Fans of the Wu-Tang Clan are losing it over this show, with good reason. The in-depth look into some of the most influential and controversial music ever created is an experience that shouldn’t be skipped by anyone. If you don’t like their music, this goes double for you because you will almost certainly learn something surprising. The truth is, they made it for the fans, but the less you know about the Wu-Tang Clan, the more you need to see Of Mics and Men. With the announcement of the new EP inspired by the documentary, this is the perfect time to watch and listen again, or for the first time.
Real, Harsh & Relatable
Before we talk about the show itself, let’s talk about why this story matters. Maybe you are sitting home in comfort, finishing dinner as you read this, and perhaps you’re one of the six out of seven people in the world who aren’t hungry right now. Or perhaps you’re the one of those seven who doesn’t have enough on your plate. We know that if you are reading this, you weren’t one of the over-half-a-million-people who died violent deaths in 2016 alone.
Also, depending on the color of your skin and your zip code, you may not have ever dealt with oppression. On the other hand, just under forty percent of Americans and millions or billions more worldwide can relate to this. Oppression, violence, and poverty are changing the world faster than ever before in history because of the sheer size of the global population. What does that have to do with some angry music? Everything.
To Succeed or Die Trying
Some people who read this, and watch this show will think it’s all a good bit of theater. For anyone who has ever lived in a poor neighborhood, which encompasses more of the world’s population than it doesn’t, these stories are like a Grimms Fairytale. There are born winners, lucky people, and then there are those who fight their way up from such adverse circumstances because they understand that the other choice is often death. Maybe not tomorrow, but too soon. At best, kids from the Staten Island Projects don’t make it very far most of the time.
Of Mics and Men is a four-part docuseries that shows the struggles, triumphs, and tragedies of the Kung-fu movie-loving rappers from the Wu-Tang Clan. When you come from a place of poverty, making your way up in the world is about as likely as winning the lottery or getting struck by lightning. It happens, but not often. These bold and intelligent young men knew they had the talent, but they fought every step of the way to reach success.
All along their path, there have always been naysayers. People have tried to take advantage of them, and ride their coattails. Trolls and haters try to tear them down, and even other rappers have tried to come between them. Even internal turmoil has never really been enough to stop the Wu-Tang Clan.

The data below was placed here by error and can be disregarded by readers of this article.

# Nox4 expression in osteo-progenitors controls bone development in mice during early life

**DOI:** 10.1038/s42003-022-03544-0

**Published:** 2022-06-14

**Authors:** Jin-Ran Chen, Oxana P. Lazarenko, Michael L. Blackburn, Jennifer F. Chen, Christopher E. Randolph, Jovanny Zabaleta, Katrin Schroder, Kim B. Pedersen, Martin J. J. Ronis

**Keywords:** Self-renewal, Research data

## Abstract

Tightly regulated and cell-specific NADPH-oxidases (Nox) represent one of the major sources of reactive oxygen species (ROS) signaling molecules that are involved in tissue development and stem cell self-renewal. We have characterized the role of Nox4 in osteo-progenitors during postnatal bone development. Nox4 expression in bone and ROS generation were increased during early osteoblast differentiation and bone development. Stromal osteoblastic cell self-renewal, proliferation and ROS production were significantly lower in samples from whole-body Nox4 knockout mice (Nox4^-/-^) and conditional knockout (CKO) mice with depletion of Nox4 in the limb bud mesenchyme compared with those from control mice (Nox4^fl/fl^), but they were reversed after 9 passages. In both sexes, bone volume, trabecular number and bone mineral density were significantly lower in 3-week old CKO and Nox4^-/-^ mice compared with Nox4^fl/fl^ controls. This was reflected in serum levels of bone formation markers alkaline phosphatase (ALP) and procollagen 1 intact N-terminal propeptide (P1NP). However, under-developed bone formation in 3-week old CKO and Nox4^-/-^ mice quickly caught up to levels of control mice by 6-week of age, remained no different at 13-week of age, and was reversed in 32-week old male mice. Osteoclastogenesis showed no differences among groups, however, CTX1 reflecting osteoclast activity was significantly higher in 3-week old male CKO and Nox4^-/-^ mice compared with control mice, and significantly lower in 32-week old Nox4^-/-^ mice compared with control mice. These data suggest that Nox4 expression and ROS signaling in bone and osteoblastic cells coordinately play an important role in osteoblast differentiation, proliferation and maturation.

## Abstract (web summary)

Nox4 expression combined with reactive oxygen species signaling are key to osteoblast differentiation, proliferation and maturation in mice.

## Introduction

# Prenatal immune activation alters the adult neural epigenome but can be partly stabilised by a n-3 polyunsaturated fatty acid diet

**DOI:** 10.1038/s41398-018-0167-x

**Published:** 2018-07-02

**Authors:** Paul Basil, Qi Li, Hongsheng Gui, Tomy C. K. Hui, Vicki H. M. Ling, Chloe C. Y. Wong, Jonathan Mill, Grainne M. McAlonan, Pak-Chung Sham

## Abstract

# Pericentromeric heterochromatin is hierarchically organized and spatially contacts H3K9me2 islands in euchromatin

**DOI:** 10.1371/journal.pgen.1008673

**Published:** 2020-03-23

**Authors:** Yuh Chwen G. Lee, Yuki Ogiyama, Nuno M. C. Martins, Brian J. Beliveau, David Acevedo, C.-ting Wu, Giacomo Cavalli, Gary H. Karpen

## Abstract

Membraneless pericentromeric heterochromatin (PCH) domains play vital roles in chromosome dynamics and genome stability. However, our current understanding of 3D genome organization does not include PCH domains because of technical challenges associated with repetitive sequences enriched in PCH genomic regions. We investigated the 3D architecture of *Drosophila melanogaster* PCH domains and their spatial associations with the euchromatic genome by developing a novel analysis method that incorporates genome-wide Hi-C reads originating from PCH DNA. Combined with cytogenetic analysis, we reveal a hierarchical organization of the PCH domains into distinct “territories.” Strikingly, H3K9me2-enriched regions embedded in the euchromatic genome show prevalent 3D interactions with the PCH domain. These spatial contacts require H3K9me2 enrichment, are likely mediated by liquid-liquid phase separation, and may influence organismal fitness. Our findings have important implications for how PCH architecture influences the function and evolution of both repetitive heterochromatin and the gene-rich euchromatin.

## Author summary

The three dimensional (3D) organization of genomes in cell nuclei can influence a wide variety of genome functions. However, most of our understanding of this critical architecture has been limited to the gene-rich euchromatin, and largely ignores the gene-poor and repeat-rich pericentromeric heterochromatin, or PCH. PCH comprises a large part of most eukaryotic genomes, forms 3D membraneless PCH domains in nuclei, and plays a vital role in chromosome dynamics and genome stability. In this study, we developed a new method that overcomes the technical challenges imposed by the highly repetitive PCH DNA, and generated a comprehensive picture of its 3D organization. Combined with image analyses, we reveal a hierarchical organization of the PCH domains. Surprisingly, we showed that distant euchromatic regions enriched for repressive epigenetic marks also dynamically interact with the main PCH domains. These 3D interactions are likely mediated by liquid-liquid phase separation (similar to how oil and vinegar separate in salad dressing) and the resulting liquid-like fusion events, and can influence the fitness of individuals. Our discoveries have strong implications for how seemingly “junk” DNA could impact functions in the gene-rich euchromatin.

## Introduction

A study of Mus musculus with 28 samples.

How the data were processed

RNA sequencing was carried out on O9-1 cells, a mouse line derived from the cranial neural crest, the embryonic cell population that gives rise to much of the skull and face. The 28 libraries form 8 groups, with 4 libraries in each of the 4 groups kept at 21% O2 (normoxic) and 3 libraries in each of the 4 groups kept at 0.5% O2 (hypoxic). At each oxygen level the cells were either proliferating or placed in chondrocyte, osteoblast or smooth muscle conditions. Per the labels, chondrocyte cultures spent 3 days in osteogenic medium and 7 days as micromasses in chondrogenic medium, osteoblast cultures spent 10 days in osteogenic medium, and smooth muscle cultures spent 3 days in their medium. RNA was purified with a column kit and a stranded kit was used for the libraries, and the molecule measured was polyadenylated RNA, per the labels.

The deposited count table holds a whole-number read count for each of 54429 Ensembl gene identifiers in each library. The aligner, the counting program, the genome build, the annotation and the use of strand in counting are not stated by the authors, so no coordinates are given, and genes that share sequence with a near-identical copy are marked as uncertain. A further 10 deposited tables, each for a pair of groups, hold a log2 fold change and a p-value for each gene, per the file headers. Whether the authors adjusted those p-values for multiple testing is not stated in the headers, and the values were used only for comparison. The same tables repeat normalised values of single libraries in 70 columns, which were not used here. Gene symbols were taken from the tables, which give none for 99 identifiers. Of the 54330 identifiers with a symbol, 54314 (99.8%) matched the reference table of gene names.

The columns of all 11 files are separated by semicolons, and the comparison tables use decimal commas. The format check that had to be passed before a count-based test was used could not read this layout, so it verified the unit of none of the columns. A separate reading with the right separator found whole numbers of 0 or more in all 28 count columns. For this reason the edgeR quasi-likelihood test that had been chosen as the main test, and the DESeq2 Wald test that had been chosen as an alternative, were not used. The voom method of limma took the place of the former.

At The Top
By 1993, the Wu-Tang Clan had managed to put out their debut album Enter Wu-Tang. Though they hadn’t yet reached the top of their game, they were on the way up. However, since they weren’t the ‘ideal,’ of what the industry wanted, the fight didn’t stop when they managed to bust through that glass ceiling and get recognized finally. They were still far from mainstream, and working their way toward a better life and better exposure.
While the first two episodes show the battle and the joy of reaching for the stars, by the third episode they show some of the flip sides. It wasn’t all wins. There were feuds and outright fights over the years. The documentary plays this aspect down a bit, preferring to show the brotherhood instead of focusing on the negative. While some might say that’s a significant omission, we think it’s playing to the more profound truth.
This group has always succeeded together and spent their time focused on the future and how to make things work. They know how dark the dark side can get. They grew up in a place where hopeless is a common condition. The story of the Wu-Tang Clan isn’t about what they lost. It’s about how they saved themselves and what they won with their perseverance and unity.
Lots of folks are lonely when they reach the top, but these guys never have to feel that way because they went all the way up together. Part of what makes them great is that they have more than talent. Wu-Tang Clan is also about their loyalty to one another. None of these men is a fair-weather friend. They have weathered criticism, death (https://heavy.com/entertainment/2019/05/wu-tang-clan-members-dead-still-alive/) and everything between together. Nothing as small as a fight can break that up so easily.
Most people have a bunch of acquaintances, a handful of friends they can sort-of count on if things don’t get too bad, and maybe one or two real besties who they know will be there come what may. Most people never fought their way up from nothing with their talented crew of brothers. The success and genius behind the Wu-Tang Clan isn’t any one thing. It’s not any single member, however successful their solo careers may be, that makes them what they are.
Without the whole story, it’s like just listening to the chorus of a song. Sure, it might give you a peek at the deeper meaning, but you’d be missing out on everything else that makes it worthwhile. Do you need to watch Wu-Tang Clan: Of Mics and Men? Yes. Without reservation, you should see this modern history docuseries. If you weren’t a fan before, you probably will be when you’re done, and if you loved Wu-Tang before you knew their story, you’ll respect them so much more for understanding how they got from where they started to your playlist.